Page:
Consumer Information Statement - Read before using my site & Privacy Policy

Consumer Information Statement

Understand how to engage an agent.  If you haven't signed a Buyer's Agency agreement, you, the buyer, have not really hired an agent to work on your behalf.

Under a Transaction Broker arrangement, they are only being hired to assist you with completing a Contract of Sale and providing access to potential properties. There is an underlying assumption you are doing your own due diligence. A Buyer's Agency Agreement often results in higher insurance premium costs to the agent as well as more research and due diligence. An agent cannot take on the added time and expense without a commitment from the buyer that he/she will guarantee he/she will use his services.

Under a buyer's agency agreement, the agent becomes LIABLE to work on your behalf and help you with all the due diligence.  They are LIABLE for proactively raising concerns and telling you about things you should consider when buying.  For example and by no means an exhaustive list, the agent would become responsible for reviewing the condo financials and giving you an opinion about whether or not they are sound given the size and age of the building.  Another example might be raising the issue of site remediation if the building was built on an old industrial site (like many many buildings in Hoboken) or near an industrial area where runnoff could effect the building.  She would become LIABLE for alerting you about any local Ordinances such as rent control which is a huge concern in Hoboken.  She would become liable for informing you that the legal rents may vary from the market rent.  She would become responsible for reviewing the inspection and appraisal to proactively point out concerns.

If any of these things are done without a buyer's agency agreement in place, then the agent is performing these tasks at will.  That is, if it doesn't interfere with other business or take too much time or create any other risk.  That means that an agent may omit pointing something out to you that may be difficult to raise.  It's ultimately why a transaction broker albeit not under contract with the seller has more incentive to work on behalf of the seller to get the transaction to go through and move onto the next deal.  Under a buyers agency agreement, the buyer has committed to working with that agent for, typically, 6 months which means they will earn a commission eventually.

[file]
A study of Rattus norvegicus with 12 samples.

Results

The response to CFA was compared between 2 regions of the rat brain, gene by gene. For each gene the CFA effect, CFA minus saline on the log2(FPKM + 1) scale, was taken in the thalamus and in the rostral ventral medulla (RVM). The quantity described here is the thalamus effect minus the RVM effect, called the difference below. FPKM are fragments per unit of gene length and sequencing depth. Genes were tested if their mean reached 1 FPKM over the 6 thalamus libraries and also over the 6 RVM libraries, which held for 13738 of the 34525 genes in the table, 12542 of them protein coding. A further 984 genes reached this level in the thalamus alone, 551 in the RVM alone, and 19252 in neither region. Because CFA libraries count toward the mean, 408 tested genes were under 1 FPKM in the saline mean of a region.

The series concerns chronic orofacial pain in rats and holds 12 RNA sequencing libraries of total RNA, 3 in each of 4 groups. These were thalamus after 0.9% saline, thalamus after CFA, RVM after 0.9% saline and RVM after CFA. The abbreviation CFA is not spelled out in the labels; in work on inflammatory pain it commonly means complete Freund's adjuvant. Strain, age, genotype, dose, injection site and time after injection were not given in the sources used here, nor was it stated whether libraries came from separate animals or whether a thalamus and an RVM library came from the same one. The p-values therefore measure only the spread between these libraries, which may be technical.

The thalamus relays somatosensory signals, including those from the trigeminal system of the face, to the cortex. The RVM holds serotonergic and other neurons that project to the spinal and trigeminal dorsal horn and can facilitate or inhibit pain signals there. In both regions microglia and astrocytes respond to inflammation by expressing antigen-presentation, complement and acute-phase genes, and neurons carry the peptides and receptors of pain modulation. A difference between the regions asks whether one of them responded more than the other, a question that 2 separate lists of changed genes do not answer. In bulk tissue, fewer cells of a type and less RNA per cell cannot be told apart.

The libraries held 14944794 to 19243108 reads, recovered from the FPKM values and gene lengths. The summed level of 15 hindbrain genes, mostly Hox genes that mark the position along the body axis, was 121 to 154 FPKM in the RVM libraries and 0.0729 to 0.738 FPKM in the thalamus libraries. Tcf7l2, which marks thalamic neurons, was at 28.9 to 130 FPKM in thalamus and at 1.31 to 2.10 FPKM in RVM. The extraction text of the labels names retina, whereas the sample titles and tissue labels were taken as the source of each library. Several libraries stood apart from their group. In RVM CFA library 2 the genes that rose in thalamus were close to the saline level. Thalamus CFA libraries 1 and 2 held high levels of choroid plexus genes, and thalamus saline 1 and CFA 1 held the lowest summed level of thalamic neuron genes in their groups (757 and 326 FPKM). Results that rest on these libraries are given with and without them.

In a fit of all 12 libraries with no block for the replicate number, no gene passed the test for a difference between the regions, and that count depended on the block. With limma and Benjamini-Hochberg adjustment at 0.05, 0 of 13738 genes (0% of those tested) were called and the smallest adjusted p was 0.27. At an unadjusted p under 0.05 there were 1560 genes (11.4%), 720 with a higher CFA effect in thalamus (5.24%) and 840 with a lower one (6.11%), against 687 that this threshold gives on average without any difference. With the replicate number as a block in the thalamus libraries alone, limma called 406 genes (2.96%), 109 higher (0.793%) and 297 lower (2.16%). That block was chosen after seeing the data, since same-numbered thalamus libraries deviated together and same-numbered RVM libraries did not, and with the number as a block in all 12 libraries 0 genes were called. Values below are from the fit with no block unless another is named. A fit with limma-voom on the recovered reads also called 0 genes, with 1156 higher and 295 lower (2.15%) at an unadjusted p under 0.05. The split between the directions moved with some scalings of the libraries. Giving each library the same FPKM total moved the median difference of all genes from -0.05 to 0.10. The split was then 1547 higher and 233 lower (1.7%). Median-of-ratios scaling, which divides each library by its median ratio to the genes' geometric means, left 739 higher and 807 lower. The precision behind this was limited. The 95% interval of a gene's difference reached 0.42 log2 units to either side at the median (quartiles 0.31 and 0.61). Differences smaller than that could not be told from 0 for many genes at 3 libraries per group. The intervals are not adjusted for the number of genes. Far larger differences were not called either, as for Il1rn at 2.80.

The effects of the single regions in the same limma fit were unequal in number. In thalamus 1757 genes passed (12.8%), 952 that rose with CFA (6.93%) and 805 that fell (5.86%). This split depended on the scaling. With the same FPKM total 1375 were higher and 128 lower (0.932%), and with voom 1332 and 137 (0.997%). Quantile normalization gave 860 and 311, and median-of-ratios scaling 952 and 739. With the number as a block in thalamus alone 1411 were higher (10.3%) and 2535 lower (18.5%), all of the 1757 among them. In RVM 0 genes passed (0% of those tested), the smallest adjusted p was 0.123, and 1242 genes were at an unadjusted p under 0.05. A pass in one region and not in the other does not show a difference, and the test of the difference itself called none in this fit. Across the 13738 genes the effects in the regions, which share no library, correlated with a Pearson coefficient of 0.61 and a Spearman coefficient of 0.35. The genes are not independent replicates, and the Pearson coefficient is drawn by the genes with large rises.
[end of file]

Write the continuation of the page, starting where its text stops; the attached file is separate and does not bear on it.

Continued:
This is not a popular form of hiring an agent here in Hudson County. Some of the resistance is just because it's not customary here. Or, many buyers are afraid of making a commitment to a particular agent for a typical 6 month contract period. But when you hire an agent using a Buyer's Agency agreement, the agent has a greater responsibility to forewarn you of the pitfalls of buying.

Buyer's agency commissions are typically more than a transaction brokers commission.  That is, a buyers agent is doing more work and taking more risk and they typically get a half a point to a whole point more in commission than what is being offered to transaction brokers.  I have seen 3 to 4% commissions on the residential side and more on a commercial deal.  If the seller is not offering a commission to buyer's agent, which is there prerogative, and the buyer still buys that property, the buyer has to pay the full commission.  Unfortunately, people don't know what they don't know until they have bought it and something comes up.  A clear example in Hoboken are all of these Landlords who have lost $10s of thousands of dollars when buying a multi-family only to find out by buying it they have become liable for years of overcharged rents.  If they had a buyers agency agreement, they could have pursued the agent.

Above is a link to the full Consumer Information Statement.  I have described here in non-legalese why this should be important to you.  Please go to the Consumer Information Statement to read exactly how the forms of agency differ and knowingly engage an agent in a manner that suits you.

The Consumer Information Statement that describes the difference between a seller's agent, buyer's agent, transaction broker and a dual disclosed broker.

If you use an agent as a Transaction Broker please be prepared to do all of the due diligence on your own.  

Please read and review the consumer information statement before using any of the tools on my site.  For any tool that requires you to register with at least your email address, read the consumer information statement first.  By providing your email address, you acknowledge that you have been provided the consumer information statement.  We strip off you name as it is registered on your email account and that your email account where content is delivered is password protected.